Feds Nab Suspected Cocaine Smugglers in Pacific

U.S. Customs and Border Protection announced Wednesday that it stopped a vessel allegedly smuggling an estimated five metric tons of cocaine, worth an estimated $353 million.

Authorities arrested four suspected smugglers Monday, but not before they apparently intentionally sank the semi-submersible vessel. A Coast Guard detachment made the arrests and recovered 11 bales containing 1,210 pounds of cocaine. More than four metric tons of cocaine are believed to have gone down with the watercraft.

A CBP P-3 Orion aircraft, based in Jacksonville, Fla., began tracking the semi-sub Monday, after the crew noticed the suspicious vessel while conducting a routine patrol in the Pacific Ocean. The crew spotted the sub about 300 miles southwest of the Mexico-Guatemala border.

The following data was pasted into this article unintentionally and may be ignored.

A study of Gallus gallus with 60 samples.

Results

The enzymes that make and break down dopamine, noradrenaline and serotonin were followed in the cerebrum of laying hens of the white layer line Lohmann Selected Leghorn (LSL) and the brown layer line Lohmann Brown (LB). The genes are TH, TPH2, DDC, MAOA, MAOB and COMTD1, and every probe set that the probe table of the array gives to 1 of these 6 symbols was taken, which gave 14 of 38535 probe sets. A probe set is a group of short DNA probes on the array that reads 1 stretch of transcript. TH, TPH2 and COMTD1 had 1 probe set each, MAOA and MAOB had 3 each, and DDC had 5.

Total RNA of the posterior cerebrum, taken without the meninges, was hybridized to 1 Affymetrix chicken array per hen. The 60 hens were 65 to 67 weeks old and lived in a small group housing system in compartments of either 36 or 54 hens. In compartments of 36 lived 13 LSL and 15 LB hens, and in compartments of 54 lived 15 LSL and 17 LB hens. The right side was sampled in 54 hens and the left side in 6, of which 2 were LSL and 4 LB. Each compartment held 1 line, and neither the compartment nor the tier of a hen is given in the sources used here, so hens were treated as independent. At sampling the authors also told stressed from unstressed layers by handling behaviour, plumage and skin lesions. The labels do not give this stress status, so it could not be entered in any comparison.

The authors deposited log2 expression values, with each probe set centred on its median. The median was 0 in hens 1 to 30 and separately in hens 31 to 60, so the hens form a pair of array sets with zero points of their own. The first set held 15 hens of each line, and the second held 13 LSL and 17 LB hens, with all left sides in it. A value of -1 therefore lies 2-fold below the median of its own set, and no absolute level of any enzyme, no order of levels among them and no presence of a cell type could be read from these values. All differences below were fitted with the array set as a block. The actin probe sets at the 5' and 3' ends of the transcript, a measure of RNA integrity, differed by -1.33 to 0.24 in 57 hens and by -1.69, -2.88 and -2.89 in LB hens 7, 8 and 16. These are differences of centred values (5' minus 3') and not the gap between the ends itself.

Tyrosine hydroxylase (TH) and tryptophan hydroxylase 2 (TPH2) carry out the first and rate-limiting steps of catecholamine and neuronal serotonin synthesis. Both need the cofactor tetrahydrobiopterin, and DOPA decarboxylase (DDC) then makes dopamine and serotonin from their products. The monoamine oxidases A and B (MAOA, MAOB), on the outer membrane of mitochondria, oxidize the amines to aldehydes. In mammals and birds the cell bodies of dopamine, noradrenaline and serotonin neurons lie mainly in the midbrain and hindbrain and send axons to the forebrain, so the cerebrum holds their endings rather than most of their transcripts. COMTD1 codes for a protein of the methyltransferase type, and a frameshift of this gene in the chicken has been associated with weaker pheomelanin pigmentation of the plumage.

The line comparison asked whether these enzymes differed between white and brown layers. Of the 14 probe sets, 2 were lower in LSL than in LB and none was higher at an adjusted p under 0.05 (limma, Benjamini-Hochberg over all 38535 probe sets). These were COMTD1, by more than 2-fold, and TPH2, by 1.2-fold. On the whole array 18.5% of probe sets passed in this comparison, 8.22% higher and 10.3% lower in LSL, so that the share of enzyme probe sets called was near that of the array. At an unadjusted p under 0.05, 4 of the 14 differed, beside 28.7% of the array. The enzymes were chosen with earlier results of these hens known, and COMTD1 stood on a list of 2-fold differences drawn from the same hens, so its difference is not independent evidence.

"The P-3 aircraft then guided a U.S. Navy ship to the scene as the suspects scuttled the vessel along with the majority of the contraband aboard," a CBP statement said. The Coast Guard then moved in to make the arrests and seize the cocaine.

CBP's Office of Air and Marine maintains P-3 aircraft for transit zone surveillance needs in Corpus Christi, Texas, in addition to its Jacksonville, Fla., base at Cecil Field. According to CBP, the Jacksonville operations center has confiscated more than 32 metric tons of cocaine, with a street value of $2.2 billion, so far this fiscal year. The aircraft are also in use by the CBP in Central and South America.

In March, the Coast Guard announced that it made the largest maritime cocaine bust in U.S. history. The Panamanian ship stopped in that bust was allegedly carrying more than 40,000 pounds of the narcotic – or approximately 20 tons.